I finally made it to Kuala Lumpur, Malaysia with a short stay over in Singapore to conduct some business. Here are a few items of interests in Singapore. While in Singapore I stayed at the Grand Hyatt Hotel one block off of Orchard Rd. Singapore reminds me of Times Square but new and shiny. Here you will find multi-story department stores advertising high end products like Prada and Gucci speckled with small cramped cheap tourist store fronts peaking out of every ally way with an occasional blaring of the top pop music emanating from the store doorways. Today you can insert Justin Bieber singing Baby, Baby.
Singapore department store.
On the other end of the hotel spectrum and for the budget traveler I have been told that the YMCA is very nice. Seriously it comes highly recommended and nightly rates are about $70 US. I will investigate that option when I’m on my own dime.
I had a couple of days to explore Singapore before moving on to Kuala Lumpur and what I find, at least on the surface, is that Singapore is a wonderful city and one of the cleanest and safest I have been in. I have no concerns about walking around at 2am and due to the Jet lag I find myself doing just that. With little or no unemployment the cost of living seems to be just a little more than in the US. A Coke will cost you $1, tall Starbucks coffee $2.90, and a decent meal at a nice restaurant seems to be around $20 to $30 US. Of course there are the food courts where you can get any number of ethnic foods for just a few dollars for a whole meal.
Every department store has a food court in their basement floor with vendor after vendor catering to the many ethnic patrons or to any one who loves food. On one night I ventured to the bowels of the ION (pictured above) and tried the Chinese dish called Char Kway Teow served with a side of hot chilies. It is sautéed noodles in a sweet basil soy sauce with squid, shrimp, and some other seafood I could not identify. It is the same dish known in the US as Drunken noodle or the Thai dish, Pad Kew Mau. It was sweet, spicy, and very good at S$6 ($4.72 US).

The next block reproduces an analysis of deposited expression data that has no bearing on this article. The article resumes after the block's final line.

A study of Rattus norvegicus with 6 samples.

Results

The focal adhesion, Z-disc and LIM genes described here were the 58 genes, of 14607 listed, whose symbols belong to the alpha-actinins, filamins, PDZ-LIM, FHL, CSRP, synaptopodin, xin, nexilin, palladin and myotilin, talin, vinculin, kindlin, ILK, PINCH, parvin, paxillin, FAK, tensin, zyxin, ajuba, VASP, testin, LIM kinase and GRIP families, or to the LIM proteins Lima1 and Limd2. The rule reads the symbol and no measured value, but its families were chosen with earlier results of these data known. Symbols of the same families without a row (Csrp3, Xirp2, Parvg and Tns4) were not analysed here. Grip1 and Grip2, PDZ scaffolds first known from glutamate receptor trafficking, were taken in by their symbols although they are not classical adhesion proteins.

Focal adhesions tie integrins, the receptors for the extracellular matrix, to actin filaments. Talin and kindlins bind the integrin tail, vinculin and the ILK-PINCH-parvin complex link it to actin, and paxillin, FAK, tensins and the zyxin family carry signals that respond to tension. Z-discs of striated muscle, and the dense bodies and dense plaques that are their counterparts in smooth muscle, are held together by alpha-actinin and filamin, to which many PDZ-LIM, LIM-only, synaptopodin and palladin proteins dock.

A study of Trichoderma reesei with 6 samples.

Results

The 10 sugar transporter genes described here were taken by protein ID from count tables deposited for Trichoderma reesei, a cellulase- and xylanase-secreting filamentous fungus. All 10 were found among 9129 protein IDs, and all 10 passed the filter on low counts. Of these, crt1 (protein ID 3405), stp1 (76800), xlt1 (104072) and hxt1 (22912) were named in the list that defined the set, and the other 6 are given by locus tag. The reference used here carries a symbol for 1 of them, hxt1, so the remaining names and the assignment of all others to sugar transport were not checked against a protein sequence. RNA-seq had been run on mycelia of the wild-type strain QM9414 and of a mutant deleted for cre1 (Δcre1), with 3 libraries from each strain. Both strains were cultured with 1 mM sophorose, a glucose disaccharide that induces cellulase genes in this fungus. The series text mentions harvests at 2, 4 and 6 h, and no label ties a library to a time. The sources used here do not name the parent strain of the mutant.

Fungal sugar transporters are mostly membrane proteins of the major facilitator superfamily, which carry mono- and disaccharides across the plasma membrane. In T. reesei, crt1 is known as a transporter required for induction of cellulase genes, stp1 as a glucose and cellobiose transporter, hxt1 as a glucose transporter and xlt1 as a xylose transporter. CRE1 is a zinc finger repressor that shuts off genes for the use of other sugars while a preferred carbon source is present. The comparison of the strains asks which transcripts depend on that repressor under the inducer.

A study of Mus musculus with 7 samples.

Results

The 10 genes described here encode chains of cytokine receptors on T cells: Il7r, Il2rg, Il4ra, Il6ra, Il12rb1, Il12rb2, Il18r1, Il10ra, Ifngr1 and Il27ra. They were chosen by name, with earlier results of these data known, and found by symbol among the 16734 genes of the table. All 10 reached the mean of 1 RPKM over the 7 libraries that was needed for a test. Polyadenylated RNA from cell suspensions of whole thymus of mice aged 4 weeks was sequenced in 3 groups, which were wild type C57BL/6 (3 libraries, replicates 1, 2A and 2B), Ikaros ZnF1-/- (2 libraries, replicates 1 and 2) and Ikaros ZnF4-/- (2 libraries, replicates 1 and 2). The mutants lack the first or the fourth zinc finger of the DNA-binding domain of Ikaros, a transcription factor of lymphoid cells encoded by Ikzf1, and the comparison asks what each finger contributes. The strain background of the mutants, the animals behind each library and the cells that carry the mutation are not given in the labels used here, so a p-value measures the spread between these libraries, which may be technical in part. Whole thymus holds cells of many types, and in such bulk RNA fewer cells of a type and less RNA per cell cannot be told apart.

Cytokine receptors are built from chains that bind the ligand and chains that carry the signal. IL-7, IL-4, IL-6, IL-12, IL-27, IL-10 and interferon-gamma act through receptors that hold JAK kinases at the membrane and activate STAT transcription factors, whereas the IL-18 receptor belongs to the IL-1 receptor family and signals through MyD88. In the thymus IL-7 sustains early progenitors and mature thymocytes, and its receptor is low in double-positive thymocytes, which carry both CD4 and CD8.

Fullerton Hotel, Singapore
Built in 1928 the Fullerton Hotel sits at the mouth of the Singapore River. The building was once the post office but today the Fullerton is ranked as one of the world’s top hotels.
Of course I had to try their Sunday brunch. It was ok but the atmosphere and architecture of the hotel lobby are well worth a visit. At S$52 ($41 US) for my meal I was expecting a little more. The buffet had a wide array of ethnic dishes along with an omelet bar. The smoked salmon was fresh and very good. I have to say this because you might think that you can’t mess up smoked salmon however it can go rancid and turn leathery if the restaurant does not take care. The curry dishes were spicy hot and delicious, as were the fresh pastry.
Marina Bay Sands Hotel and Casino, Singapore
Across the bay from the Fullerton hotel you can see the Marina Bay Sands hotel and casino. To date it is one of the largest casinos in the world. The three pier building is the largest cantilevered platform containing an outdoor park and recreation area, a must have for every city. In the words of our friend Frank Serafini “Those are 40 foot palms on top of that building”. I’ll try the casino next time I’m here and maybe stay at the YMCA.
Day two I decided to eat in. I went to the local grocery across the street where you could get just about anything prepare and ready to go. I decided on a simple meal starting from upper right, Leek Flower Kim chi, Umeba Inari which is tofu wrappers filled with rice and crab and pickled something and rice, then your standard sushi, individually wrapped, and a snickers bar for around $13.